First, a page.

To ensure the greatest returns on the public's investment in space exploration, landing on the Moon shouldn't be an end in itself. Mars remains the most promising destination to establish a long-term human presence and to advance our scientific understanding of life elsewhere.

But landing on Mars, with an atmosphere that can burn up spacecraft on entry, is not the same as the smooth, airless ride of landing on the Moon. And living on a planet that is on average 140 million miles from Earth is certainly not the same as living on on a moon that is a mere (cosmically speaking) 240,000 mile trip.

Fortunately, the Moon provides an opportunity to test and refine the technology needed to reach the Red Planet — we just don't need to land there. Life support, long-distance operations and astronaut health can all be tested in the space around the Moon. NASA could establish a national infrastructure to bootstrap our way to Mars that also supports other countries and commercial companies in their efforts to reach the lunar surface.

The bottom line: NASA is about more than going to the Moon — science, technology and the search for life are all parts of space exploration. We must strategically use precious public funds to push the limits of human knowledge while paving the way for others to follow.

Other voices in the conversation:

Go deeper

Report: Pentagon watchdog finds Ronny Jackson drank on duty and harassed staff

Rep. Ronny Jackson walking through the Canon Tunnel to the U.S. Capitol in January. Photo: Stefani Reynolds/Getty Images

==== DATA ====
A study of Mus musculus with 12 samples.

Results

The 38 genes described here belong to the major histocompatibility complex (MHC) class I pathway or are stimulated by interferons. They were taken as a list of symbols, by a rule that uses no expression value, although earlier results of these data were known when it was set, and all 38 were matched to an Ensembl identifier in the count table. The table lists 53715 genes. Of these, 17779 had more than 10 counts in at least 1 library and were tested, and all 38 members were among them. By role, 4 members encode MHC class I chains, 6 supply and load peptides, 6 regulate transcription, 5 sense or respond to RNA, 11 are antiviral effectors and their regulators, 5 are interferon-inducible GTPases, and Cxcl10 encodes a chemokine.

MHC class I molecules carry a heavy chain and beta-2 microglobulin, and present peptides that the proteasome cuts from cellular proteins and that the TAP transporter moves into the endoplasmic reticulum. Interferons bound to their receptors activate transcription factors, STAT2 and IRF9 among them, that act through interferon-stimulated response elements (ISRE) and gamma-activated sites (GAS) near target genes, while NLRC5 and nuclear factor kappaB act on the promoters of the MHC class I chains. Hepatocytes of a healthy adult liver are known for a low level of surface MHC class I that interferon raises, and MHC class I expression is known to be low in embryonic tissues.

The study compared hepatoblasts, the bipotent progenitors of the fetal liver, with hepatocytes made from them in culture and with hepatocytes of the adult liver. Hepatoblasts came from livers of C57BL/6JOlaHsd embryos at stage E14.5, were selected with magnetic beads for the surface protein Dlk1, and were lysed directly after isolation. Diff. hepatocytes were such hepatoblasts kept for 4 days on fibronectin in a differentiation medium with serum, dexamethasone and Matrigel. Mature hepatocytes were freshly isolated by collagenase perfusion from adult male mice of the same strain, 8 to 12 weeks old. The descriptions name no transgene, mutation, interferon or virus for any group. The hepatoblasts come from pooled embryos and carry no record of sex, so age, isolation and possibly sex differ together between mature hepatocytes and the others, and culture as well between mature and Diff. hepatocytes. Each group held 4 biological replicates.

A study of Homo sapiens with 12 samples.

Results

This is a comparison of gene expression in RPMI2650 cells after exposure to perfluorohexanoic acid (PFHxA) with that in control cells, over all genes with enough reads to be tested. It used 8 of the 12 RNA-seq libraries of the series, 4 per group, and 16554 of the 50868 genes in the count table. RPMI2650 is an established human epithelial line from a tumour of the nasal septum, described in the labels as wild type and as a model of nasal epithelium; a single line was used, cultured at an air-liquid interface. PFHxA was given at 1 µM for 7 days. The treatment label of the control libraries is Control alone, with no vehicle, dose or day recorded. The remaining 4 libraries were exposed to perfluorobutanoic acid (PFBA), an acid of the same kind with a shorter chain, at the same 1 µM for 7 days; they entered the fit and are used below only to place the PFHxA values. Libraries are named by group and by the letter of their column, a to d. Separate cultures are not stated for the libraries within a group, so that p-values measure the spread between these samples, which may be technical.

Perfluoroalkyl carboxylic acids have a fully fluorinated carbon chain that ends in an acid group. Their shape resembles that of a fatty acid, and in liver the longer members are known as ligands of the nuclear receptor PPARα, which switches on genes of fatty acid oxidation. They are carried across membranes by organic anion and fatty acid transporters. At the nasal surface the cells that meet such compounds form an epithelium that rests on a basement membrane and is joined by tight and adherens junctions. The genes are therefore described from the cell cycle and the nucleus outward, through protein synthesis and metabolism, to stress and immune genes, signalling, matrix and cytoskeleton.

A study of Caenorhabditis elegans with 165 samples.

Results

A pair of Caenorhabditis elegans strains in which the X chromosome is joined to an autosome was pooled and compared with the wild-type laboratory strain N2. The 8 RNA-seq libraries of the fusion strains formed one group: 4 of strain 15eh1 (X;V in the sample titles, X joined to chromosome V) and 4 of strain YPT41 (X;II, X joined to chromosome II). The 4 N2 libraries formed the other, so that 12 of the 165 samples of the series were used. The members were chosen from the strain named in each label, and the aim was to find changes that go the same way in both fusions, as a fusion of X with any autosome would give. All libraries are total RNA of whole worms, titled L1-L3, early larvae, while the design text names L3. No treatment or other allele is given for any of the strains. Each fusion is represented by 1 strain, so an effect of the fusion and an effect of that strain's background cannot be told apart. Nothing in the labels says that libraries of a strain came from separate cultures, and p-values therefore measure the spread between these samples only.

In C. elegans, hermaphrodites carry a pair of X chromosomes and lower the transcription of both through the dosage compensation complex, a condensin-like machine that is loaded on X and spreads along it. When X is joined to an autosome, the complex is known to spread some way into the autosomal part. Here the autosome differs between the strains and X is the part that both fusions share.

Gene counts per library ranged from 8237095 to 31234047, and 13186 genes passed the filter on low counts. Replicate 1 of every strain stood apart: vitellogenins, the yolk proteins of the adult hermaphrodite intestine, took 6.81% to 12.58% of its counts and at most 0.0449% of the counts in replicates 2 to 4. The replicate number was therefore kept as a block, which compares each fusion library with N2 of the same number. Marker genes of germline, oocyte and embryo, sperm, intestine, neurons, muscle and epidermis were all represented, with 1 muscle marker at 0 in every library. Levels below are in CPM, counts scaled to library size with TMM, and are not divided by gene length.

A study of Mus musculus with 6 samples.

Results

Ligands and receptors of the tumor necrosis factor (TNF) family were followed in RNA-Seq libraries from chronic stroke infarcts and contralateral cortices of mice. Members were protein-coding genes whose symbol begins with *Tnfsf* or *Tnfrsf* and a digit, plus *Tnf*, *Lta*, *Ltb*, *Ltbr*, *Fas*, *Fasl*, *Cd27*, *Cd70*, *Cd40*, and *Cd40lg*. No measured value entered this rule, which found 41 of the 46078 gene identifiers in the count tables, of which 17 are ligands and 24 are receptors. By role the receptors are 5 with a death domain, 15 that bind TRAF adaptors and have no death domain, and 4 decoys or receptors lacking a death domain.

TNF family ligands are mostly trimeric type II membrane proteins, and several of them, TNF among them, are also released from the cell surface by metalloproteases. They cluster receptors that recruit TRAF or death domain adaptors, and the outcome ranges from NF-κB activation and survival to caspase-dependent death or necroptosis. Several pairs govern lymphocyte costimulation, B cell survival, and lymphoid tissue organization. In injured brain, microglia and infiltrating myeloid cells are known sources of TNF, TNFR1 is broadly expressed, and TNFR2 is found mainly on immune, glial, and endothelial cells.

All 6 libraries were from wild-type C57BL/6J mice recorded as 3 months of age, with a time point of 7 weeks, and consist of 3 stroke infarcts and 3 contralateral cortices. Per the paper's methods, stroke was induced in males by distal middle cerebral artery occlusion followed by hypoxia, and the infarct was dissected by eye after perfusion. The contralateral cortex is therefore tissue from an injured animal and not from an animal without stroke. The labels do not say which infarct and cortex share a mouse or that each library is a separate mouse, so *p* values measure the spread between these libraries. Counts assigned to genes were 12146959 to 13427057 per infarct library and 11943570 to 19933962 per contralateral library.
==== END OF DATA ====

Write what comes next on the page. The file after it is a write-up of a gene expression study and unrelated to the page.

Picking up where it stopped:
Rep. Ronny Jackson (R-Texas) allegedly made "sexual and denigrating" comments about a female staffer, drank alcohol and took sleeping medication while working as White House physician, according to an official report obtained by CNN Tuesday night.

Driving the news: The Department of Defense inspector general's report stems from a years-long investigation. Jackson has called the allegations "false and fabricated."

DOJ pressed to enforce Al Jazeera foreign agent ruling

Illustration: Aïda Amer/Axios

The Justice Department is being pressed to enforce its own demand that the U.S. arm of Qatari broadcaster Al Jazeera register as a foreign agent.

Why it matters: The launch of Al Jazeera's new right-of-center U.S. media venture, Rightly, has refocused attention on the media company's alleged links to Doha, and DOJ's efforts to crack down on media outlets viewed as foreign interest mouthpieces.

Poll: Immigration is America's most-polarizing issue

Data: The American Aspirations Index/Populace; Chart: Will Chase/Axios

Immigration was found to be the most polarizing issue in America based on new polling from Populace.

Why it matters: Americans have surprisingly similar priorities for the U.S., but immigration stands out as one of the few issues with clear partisan differences. It underscores the challenge for advocates and lawmakers hoping to pass immigration reform in the coming weeks amid narrow margins in Congress.